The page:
In my life as a drama teacher, there have been many times when I have experienced the “art mirrors life” phenomenon.
I have had students working on scenes about marital break up while they have been going through one at home. I have had students working on scenes about bullying while they, themselves, have been experiencing it in a very real and visceral way. Perhaps not surprisingly, I have had students preparing shows on the intricacies of teen romance while trying to navigate those particularly choppy waters in their own haphazard way. I even had my very own “Rizzo and Kenickie” romance blossom backstage during one production of GREASE. (Last I heard, they had four little greasers of their own and were living happily ever after.)
However, as I wind my way through what it means to be in the cold grip of a world-wide pandemic, I have to admit to being constantly reminded of one particular unit of theatre that has been a staple of my grade 10 drama program for a great many years.
The general idea of the unit is to present the students with a non-fiction text and ask them to pull the individual stories of the characters involved off the page and onto the stage. In explaining the purpose of the assignment, I would often refer to a movie like Titanic, where the storytellers try to narrow that tragedy down to a relatable size. Because we get to know Jack and Rose, we care about what happens to them. This draws us into a story of an event which is, otherwise, rather hard to wrap our heads around.
Whenever a drama teacher decides to wander into these realms of reality, there is always a cautionary tone to be taken. I am a firm believer in the unique power of drama to help students navigate the ups and downs of teenage life, specifically because of its capacity to create distance. Kids whose parents may be splitting up can tackle the complexities of the emotions they may be feeling through a character, as opposed to personally, providing for some emotional separation.
At the same time, I am very much aware that I am not a trained counselor. Although having students deal with their own issues through drama is not uncommon, I am nothing if not pragmatic when it comes to the kids. I always strive to provide a safe place for my students to explore complex topics. Knowing how much to blur the line between the stage and real life is a key component to ensuring that safety.
So, for many years, in order to keep my students safe but still allow for them to explore the complexities of a major international tragedy, I used an event that I knew was well outside any of their direct experiences. I pulled a non-fiction excerpt from a book written in 1983 by one Eileen Pettigrew entitled The Silent Enemy: Canada and the Deadly Flu of 1918.
Yes, I had my students pull apart the story of the great Spanish flu pandemic, dissecting the events, looking for the individual stories, finding the dramatic experiences behind the numbers, because I legitimately thought it was always, always going to be a safe topic.
I can’t take credit for birthing the idea. The article itself was contained in a provincially approved drama textbook entitled Improvisation, which was, and still is, an exceptional resource for drama teachers. The excerpt was quite informative; full of dramatic moments the students could explore. Soldiers returning from overseas during WWI were unable to disembark from trains for risk of infecting loved ones. Towns set up roadblocks to stop traffic on the roads. Some provinces implemented total quarantines. Rumours were running rampant at the time, with origin stories ranging from the dispensation of disease ridden blankets amongst First Nations communities to tales of the infection being intentionally released by enemy U-boat crews.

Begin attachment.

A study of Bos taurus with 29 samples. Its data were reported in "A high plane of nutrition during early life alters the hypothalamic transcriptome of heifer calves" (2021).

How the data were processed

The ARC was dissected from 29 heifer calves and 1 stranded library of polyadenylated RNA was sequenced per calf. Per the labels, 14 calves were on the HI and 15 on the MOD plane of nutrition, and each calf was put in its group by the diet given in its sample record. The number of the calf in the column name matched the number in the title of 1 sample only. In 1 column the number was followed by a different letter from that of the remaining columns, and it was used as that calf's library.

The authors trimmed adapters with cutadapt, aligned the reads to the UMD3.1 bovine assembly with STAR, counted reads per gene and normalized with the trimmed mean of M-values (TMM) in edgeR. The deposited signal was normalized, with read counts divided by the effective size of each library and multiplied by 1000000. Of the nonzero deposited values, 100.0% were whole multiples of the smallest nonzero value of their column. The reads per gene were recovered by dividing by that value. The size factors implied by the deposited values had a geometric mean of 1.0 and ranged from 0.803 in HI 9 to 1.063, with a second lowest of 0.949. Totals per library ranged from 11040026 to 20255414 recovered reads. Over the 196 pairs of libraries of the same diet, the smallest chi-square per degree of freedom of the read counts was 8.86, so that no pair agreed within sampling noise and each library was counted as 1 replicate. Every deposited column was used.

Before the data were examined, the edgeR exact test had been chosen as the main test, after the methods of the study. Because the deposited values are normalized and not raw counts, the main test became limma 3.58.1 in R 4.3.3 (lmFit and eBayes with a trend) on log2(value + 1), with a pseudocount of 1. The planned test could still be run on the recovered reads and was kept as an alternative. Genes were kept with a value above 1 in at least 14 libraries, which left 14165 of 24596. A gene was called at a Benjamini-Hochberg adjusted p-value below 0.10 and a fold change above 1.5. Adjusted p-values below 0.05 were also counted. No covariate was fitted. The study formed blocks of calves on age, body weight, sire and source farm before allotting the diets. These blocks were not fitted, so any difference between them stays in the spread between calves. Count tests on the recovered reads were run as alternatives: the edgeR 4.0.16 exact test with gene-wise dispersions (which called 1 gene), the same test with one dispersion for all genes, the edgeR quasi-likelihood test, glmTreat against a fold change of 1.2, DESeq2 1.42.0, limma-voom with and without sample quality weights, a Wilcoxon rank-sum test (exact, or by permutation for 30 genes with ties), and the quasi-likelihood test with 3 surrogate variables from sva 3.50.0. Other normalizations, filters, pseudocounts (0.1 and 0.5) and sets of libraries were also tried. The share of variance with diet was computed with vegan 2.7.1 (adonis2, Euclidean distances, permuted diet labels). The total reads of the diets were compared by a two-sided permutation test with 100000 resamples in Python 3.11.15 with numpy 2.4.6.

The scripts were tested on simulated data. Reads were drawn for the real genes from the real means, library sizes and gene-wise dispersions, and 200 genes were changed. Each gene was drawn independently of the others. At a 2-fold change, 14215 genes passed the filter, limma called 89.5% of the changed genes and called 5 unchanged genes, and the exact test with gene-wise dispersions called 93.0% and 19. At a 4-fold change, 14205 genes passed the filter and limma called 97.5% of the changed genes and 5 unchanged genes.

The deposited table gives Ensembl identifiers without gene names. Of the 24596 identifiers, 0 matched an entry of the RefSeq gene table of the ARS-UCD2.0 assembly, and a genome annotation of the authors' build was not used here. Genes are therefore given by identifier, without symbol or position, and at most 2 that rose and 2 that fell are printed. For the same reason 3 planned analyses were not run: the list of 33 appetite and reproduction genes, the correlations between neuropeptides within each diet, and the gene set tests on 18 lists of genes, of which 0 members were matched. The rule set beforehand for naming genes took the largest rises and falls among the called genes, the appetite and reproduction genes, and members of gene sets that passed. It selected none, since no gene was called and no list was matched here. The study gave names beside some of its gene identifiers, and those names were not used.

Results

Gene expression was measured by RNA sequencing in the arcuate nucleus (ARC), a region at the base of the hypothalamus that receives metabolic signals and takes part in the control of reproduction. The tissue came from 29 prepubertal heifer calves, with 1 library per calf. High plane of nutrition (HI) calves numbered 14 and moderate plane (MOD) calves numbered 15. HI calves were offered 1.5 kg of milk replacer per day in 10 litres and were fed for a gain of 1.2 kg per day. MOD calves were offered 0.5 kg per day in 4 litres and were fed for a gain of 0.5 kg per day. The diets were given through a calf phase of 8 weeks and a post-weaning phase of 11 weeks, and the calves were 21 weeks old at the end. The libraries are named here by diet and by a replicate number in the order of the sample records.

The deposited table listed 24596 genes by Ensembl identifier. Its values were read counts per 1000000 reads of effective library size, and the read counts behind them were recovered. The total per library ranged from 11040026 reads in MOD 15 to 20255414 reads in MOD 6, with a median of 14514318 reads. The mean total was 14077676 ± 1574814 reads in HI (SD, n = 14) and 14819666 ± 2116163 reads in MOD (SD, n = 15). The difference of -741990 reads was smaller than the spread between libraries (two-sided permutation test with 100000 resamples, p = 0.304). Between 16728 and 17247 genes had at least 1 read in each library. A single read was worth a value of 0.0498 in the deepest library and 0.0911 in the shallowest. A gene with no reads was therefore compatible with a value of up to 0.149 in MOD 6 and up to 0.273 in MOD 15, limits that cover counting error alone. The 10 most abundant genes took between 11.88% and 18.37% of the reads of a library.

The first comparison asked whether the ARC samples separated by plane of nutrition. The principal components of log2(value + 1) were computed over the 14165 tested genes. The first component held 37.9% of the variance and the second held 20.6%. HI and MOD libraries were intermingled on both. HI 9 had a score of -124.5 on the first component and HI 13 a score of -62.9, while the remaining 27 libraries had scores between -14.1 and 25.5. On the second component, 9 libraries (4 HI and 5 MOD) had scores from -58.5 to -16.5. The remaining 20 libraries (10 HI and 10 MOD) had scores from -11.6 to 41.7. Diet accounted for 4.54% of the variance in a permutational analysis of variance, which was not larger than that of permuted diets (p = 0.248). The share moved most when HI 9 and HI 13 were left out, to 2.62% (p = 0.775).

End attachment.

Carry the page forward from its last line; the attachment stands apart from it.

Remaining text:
There were stories of personal trials and tribulations; of how people working in the arts were hit particularly hard when theatres closed down, of how poolrooms and other businesses were shuttered, and of how “travelling players” were struggling to make ends meet. A great deal of attention was paid to the terrific toll the pandemic took on First Nations communities, stories which elicited far more shows from my students than any other aspect of the tale.
There was reference to good news stories as well. Of people volunteering, of communities banding together, of the courage of front-line health care workers. All-in-all, as I sit here typing out these lines, the thumb worn text book perched precariously on my lap, the similarities between that moment in history and our current situation are strikingly surreal.
I didn’t use the unit every year. Like many teachers it was one of a battery of units I would choose from each time I was preparing for a new batch of students. As well, the unit went through a fair number of overhauls and revisions, with bits added and taken away as curriculum ebbed and flowed. However, at its very core, much remained the same over the years. The story of a global pandemic, broken down into digestible chunks by young students, using art to make sense of an event which, at the time, was a universe away from their current reality.
I think a great deal about those students these days. I wonder how many of them remember that show, which for some is now twenty years gone, and the significance of the moment. I wonder if they are feeling a new found empathy for the characters they created, and, perhaps, seeing them in an entirely different light.
Although it is a bit early to look out the other side of the COVID crisis, it is hard for me not to be rather stricken by the notion that a hundred years from now, a group of drama students may very well be tasked with creating a scene to deal with the great pandemic of 2020.
I can’t help but find myself wondering how our great, great grandchildren will someday be using art to makes some sense of what is right now, very much, our story.